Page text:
November 18, 2014
Q & A with VSU’s Director of Internal Audits
VALDOSTA – With the theme “The Spirit of USG,” Valdosta State University is joining University System of Georgia institutions in promoting a continued ethical culture at all 31 colleges and universities.
Director of Internal Audits Jeanne Severns discusses why it is important for VSU faculty, staff, and students to understand the definition of fraud, the importance of awareness, being good stewards of state resources, and accurate reporting.
Q: What is the definition of fraud?
Severns: Fraud is any deliberate act for the purpose of unfair or illegal gain.
Q: Why is it important to make employees aware of possible fraud, waste, and abuse in the workplace?
Severns: An estimated 25 million U.S. consumers are defrauded out of $3 billion annually. As a state institution, Valdosta State strives to promote an ethical culture. Any loss resulting from fraud, waste, or abuse runs the risk of employee layoffs, decreased trust, and increased scrutiny throughout the organization. There are also a lot of resources consumed in correcting the fraudulent issues.
Q: Is there a stereotypical description of a person who commits fraud in the workplace?
Severns: No, there is no clear way of identifying a person who might commit workplace fraud, waste, or abuse. Even though statistically 60 percent of frauds are committed by senior level managers and 85 percent are committed by male workers, we have seen recent examples within higher education of female mid-level managers committing fraudulent acts. A more accurate assessment suggests a person is more likely to commit fraud because of the fraud triangle —opportunity, rationalization, or pressure.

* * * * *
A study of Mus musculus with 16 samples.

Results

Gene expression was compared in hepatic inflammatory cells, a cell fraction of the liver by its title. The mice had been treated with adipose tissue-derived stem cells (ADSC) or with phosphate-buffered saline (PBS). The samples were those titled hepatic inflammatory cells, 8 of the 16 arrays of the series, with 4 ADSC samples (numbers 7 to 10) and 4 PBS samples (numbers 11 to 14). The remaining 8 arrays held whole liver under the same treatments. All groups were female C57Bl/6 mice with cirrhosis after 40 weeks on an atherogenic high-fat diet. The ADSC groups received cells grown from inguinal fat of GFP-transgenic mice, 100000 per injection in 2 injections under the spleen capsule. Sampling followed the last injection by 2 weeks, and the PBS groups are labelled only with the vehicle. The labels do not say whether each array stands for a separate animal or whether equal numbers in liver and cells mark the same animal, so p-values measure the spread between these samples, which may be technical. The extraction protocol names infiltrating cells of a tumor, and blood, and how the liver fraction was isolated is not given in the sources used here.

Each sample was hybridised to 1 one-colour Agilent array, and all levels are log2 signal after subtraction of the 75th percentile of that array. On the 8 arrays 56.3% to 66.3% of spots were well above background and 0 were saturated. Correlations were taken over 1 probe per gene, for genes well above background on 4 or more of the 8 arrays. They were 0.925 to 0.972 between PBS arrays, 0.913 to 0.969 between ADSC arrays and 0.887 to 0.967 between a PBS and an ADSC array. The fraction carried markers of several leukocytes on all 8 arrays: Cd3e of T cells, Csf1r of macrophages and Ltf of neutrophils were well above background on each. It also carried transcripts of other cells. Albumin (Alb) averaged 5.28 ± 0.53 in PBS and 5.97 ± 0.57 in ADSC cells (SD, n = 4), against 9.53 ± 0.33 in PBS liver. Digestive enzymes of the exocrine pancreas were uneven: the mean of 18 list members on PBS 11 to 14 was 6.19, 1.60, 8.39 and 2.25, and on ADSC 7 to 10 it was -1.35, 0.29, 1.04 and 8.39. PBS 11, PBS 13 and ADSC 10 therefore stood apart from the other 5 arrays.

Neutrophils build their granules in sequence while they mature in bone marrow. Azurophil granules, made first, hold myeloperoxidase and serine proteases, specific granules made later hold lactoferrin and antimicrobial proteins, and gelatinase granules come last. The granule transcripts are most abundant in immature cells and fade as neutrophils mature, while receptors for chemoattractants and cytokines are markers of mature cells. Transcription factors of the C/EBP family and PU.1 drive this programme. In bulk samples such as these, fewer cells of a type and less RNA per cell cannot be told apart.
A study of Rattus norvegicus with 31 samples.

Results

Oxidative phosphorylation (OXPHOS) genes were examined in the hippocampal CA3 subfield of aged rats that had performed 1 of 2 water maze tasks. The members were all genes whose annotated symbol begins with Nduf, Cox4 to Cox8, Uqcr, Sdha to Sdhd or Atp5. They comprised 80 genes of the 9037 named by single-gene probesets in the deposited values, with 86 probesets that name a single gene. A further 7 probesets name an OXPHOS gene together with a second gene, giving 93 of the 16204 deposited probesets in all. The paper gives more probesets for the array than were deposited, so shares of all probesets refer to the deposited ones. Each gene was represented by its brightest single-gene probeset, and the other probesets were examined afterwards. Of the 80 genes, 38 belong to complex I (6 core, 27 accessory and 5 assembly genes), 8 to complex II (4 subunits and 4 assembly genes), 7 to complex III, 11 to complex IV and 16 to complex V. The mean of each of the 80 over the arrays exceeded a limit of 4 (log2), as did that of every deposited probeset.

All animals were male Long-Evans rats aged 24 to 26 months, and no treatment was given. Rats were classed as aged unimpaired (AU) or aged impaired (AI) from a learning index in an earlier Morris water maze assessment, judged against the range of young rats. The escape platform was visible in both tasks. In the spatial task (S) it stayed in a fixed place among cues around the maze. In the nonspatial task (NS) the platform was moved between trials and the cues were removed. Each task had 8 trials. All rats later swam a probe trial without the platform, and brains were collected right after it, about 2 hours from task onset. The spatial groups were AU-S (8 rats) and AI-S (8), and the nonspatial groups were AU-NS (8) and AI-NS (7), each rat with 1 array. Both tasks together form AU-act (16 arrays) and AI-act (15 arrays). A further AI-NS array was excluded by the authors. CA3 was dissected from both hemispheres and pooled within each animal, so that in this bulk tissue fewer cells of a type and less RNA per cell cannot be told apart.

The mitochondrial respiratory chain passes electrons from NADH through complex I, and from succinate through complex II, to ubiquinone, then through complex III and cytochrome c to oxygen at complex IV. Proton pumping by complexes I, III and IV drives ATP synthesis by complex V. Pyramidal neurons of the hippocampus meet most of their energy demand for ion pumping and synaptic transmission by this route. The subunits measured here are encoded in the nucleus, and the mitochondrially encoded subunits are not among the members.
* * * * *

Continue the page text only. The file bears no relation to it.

For example, a person might commit fraud because their position affords them an opportunity to do so. They might also rationalize their actions by telling themselves things like “I deserve this” or “my boss deserves this because they don’t treat me fairly.” Others might do so because of personal financial pressure; they may need extra cash for medical bills or some other personal, financial hardship.
Q: What should an employee do if they see a situation of fraud, waste, or abuse in the workplace?
Severns: Everyone has a duty to report suspected fraud, waste, or abuse. We encourage employees to report suspected malfeasance through their immediate chain of command (supervisor) if possible. Alternatively, they can report directly to either VSU’s attorney or me (director of Internal Audits). They can also use the University System of Georgia Hotline at www.valdosta.alertline.com or call 877-516-3470. All reports made are confidential and those reporting suspected cases of fraud, waste, or abuse are protected through Georgia’s whistleblowers law and USG Board of Regents policy. Each case is investigated and reporting helps the university to maintain sound financial resources and protect its valuable resources.
For more information, visit VSU’s office of Internal Audits website at http://www.valdosta.edu/administration/audit/or download VSU’s fraud awareness fact sheet.